This week’s employment numbers from the Office for National Statistics showed an increased number of people working and a small reduction in the headline measure of unemployment.
According to Mark Beatson, chief economist at the CIPD, continued economic growth and job creation does not necessarily lead to sharp reductions in the number of benefits claimants because many of those people generally lack skills for work.
Mr Beaston said: “We can expect some variation in the figures from month to month, but faster economic growth in the second quarter of this year has fed through into more jobs. Forward-looking measures, such as our summer 2013 Labour Market Outlook survey, suggest we should see further increases in employment during the summer and autumn.
“Increasing labour supply means it is likely that unemployment falls slowly in the short-term. The extent to which further economic growth will be possible without triggering a rise in interest rates will depend on how successful the economy is at getting young people and the long-term unemployed into work. If this does not happen, we could see competition for the right people pushing wages and costs up while unemployment remains high.”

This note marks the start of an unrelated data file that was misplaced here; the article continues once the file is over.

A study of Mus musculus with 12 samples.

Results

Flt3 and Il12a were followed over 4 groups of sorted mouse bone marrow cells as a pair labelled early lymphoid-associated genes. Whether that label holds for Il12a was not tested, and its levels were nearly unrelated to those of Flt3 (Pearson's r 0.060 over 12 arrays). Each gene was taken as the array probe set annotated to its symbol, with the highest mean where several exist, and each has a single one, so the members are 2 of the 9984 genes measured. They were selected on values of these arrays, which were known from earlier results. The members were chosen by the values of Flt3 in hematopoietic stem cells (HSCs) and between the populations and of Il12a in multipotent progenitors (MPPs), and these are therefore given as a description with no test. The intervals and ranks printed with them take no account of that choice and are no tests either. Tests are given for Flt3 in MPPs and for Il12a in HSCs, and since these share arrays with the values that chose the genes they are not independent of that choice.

The number of 16 to 24 year olds unemployed rose by 15,000 over the quarter to 973,000. With 300,000 school leavers collecting their A-levels this week, and many attempting to enter the workforce, it could be difficult for them to get their first pay packet.
The number of people unemployed for over a year also increased by 7,000 over the quarter to 909,000 even though the number of people in work hit record levels. The CIPD says it usually takes time for falling total unemployment to feed through into falling long-term unemployment.